Rs.4000 crore to be invested to upgrade Paradip refinery
Indian Oil will upgrade its Paradip Refinery to meet the Euro VI norms to be adopted by the country from 2020. Refinery, initially designed to produce Euro IV and V compliant fuels, will add facilities like isomerisation, diesel hydrotreater, and a hydrogen unit to produce Euro VI compliant fuel. The refinery will primarily cater to eastern and southern Indian markets.
About the Paradip refinery
The foundation stone for the Paradip refinery was laid in 2000 by the then PM Atal Bihari Vajpayee. Located on the eastern coast of Odisha, it was commissioned in 2015 at a cost of Rs.34,555 crore. The refinery has many first time technological features to ensure environmentally friendly operations such as flue gas desulphurisation facilities, vapor recovery system from jetty loading etc.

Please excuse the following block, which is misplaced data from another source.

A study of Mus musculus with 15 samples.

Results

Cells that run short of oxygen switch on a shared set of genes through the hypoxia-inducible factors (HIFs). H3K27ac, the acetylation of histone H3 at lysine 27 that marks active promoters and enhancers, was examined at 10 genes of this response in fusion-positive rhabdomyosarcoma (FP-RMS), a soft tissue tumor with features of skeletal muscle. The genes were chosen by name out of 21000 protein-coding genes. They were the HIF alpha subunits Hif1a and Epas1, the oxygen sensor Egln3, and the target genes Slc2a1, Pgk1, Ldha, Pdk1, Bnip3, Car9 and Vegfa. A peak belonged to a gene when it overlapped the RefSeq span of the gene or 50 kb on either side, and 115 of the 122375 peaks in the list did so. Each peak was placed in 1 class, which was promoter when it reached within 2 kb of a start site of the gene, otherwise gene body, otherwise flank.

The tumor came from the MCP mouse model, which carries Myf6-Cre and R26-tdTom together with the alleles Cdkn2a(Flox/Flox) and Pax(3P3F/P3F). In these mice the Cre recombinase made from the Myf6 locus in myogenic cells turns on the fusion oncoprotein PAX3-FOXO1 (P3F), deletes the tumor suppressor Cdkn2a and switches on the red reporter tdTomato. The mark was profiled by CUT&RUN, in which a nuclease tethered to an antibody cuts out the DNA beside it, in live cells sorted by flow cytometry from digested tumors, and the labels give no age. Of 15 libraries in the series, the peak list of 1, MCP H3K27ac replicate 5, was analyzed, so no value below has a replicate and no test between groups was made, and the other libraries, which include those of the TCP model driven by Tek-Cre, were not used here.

Paradip refinery starts production
Paradip refinery owned by IOCL started production in October 2015. The 1st product dispatch from the refinery was flagged off by Union Petroleum and Natural Gas Minister Dhharmendra Pradhan in November 2015. Accoding to IOCL, it plans to take production of refinery to 80% of its capacity by the end of fiscal year 2017.
Capacity of the Paradip refinery
Paradip Refinery with an annual capacity of 15MT/year (million tonnes per year) has helped Indian Oil become the largest refinery company (69.2MT/year) overtaking Reliance Industries (62MT/year).
What is IOCL?
Indian Oil, a fortune 500 company, is the largest commercial enterprise in India with a turnover of more than Rs.4,50,000 crore and profit of more than Rs.5,200 crore.
Poisonous gas from refinery affecting betel cultivation
The betel cultivators of the Kujanga villages in Jagatsinghpur district have complained of poisonous gas from Paradip refinery affecting betel veins. The betel leaves are observed with burning symptoms and premature falling. However, the Paradip refinery authority has said that they have drawn an environment management plan and are monitoring ambient air quality, which has not reported an additional pollution load on the environment.
Why is the Euro VI being adopted?
India has decided to skip the Euro V norms and directly jump from Euro IV to Euro VI to address the growing problem of air pollution in the country.